John Arthur "Jack" Johnson, known as the Galveston Giant was an American boxer who became the first African American world heavyweight boxing champion at the height of the Jim Crow era.
Johnson was born in Galveston, Texas, in 1878, the first son and third child of nine children, to two former slaves, Henry and Tina "Tiny" Johnson. Johnson's parents worked as a janitor and a dishwasher to support their children and put them through school.
In 1908 Jack Johnson became the first African-American to win the world heavyweight crown. Johnson knocked out the reigning champ, Tommy Burns. The more well known Johnson became, the bigger target he became for the whites who wanted to see him ruined. As Johnson became a bigger name in the sport of boxing, he also became a bigger target for a white America that longed to see him ruined. For his part, Johnson loved to flaunt his wealth and intentionally disregarded racial rules. He was convicted and sentenced to prison for violating the Mann Act, which was to address prostitution, "immorality", and human trafficking, for bringing his white girlfriend across state lines before their marriage in 1912. He fled to Europe for seven years, but eventually returned to the United States in 1920 and served his sentence.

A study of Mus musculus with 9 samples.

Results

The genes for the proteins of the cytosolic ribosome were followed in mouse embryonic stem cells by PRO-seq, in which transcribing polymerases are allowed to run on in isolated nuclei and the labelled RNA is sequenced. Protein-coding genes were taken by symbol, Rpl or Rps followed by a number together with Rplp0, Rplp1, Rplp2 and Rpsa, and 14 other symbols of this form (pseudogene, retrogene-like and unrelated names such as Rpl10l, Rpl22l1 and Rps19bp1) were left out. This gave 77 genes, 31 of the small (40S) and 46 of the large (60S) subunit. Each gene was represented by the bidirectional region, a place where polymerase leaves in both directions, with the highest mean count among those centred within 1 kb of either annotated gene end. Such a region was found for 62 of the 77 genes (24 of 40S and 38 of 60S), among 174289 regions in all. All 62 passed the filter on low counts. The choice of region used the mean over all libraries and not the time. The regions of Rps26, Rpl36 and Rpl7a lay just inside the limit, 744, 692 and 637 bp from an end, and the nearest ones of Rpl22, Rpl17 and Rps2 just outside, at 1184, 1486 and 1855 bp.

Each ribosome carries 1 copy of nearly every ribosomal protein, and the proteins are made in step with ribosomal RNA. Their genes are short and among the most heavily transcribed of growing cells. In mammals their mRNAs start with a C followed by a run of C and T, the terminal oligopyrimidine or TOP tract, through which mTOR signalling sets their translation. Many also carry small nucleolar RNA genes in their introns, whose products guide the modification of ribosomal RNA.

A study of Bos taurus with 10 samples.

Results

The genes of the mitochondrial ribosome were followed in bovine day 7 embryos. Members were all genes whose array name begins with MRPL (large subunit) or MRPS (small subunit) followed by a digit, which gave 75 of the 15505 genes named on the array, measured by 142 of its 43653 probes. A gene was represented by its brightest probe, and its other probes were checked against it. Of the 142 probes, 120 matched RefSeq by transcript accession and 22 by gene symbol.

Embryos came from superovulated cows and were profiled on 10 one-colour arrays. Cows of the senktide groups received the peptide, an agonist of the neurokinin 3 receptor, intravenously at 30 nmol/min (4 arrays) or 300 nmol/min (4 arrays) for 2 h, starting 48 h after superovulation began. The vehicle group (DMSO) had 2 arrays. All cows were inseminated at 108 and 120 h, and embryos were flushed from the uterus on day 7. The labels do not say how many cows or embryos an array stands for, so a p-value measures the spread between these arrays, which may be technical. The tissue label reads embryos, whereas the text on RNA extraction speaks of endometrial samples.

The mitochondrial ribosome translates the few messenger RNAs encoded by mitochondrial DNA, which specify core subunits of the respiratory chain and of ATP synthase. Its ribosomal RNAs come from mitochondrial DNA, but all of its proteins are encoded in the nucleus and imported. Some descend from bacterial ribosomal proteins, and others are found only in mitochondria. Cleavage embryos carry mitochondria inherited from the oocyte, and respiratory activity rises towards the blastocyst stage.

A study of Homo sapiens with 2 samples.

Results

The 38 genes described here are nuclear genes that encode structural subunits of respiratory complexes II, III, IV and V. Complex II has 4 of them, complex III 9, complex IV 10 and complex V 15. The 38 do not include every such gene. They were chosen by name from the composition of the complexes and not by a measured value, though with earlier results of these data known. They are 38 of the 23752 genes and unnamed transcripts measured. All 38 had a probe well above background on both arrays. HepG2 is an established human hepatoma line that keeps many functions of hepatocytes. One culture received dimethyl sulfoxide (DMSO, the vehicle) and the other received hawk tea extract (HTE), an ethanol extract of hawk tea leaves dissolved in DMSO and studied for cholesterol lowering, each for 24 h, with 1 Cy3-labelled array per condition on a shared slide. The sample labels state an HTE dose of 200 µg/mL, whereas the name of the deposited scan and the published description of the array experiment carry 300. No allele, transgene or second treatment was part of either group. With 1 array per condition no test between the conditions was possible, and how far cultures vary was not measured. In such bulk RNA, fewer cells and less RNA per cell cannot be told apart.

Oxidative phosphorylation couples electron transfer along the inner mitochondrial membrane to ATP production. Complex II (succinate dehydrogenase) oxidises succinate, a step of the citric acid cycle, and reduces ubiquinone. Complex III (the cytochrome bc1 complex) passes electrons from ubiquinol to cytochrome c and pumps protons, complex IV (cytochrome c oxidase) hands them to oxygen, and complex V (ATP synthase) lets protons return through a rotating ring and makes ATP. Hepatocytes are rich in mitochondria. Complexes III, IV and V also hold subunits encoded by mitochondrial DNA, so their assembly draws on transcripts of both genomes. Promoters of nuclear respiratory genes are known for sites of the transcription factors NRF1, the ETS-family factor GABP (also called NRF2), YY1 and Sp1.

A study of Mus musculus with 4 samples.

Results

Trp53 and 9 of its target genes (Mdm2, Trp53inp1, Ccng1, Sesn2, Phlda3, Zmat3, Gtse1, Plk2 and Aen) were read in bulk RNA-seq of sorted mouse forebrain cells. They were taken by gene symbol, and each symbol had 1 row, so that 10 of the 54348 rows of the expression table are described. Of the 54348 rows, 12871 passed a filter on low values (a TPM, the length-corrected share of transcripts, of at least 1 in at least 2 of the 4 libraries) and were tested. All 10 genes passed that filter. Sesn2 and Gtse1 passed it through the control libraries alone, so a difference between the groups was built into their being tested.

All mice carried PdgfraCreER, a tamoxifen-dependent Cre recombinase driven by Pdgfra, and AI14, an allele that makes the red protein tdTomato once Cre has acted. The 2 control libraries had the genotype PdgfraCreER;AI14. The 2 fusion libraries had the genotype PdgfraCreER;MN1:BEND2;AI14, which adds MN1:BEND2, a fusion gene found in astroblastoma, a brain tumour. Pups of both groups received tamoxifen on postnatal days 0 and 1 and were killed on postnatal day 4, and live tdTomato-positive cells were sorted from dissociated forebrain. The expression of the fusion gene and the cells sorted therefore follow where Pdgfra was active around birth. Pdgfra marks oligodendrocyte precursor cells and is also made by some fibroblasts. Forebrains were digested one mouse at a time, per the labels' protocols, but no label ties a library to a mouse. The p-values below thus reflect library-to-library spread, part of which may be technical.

Johnson held on to the title until 1915 and continued to box until he was 50. He died in an automobile accident in Raleigh, North Carolina in 1946.
Since his death, Johnson's alleged crimes are now seen as the result of racial bias in law enforcement. In 1990 Johnson was inducted into the International Boxing Hall of Fame and his life was the subject of the Ken Burns’ documentary Unforgivable Blackness.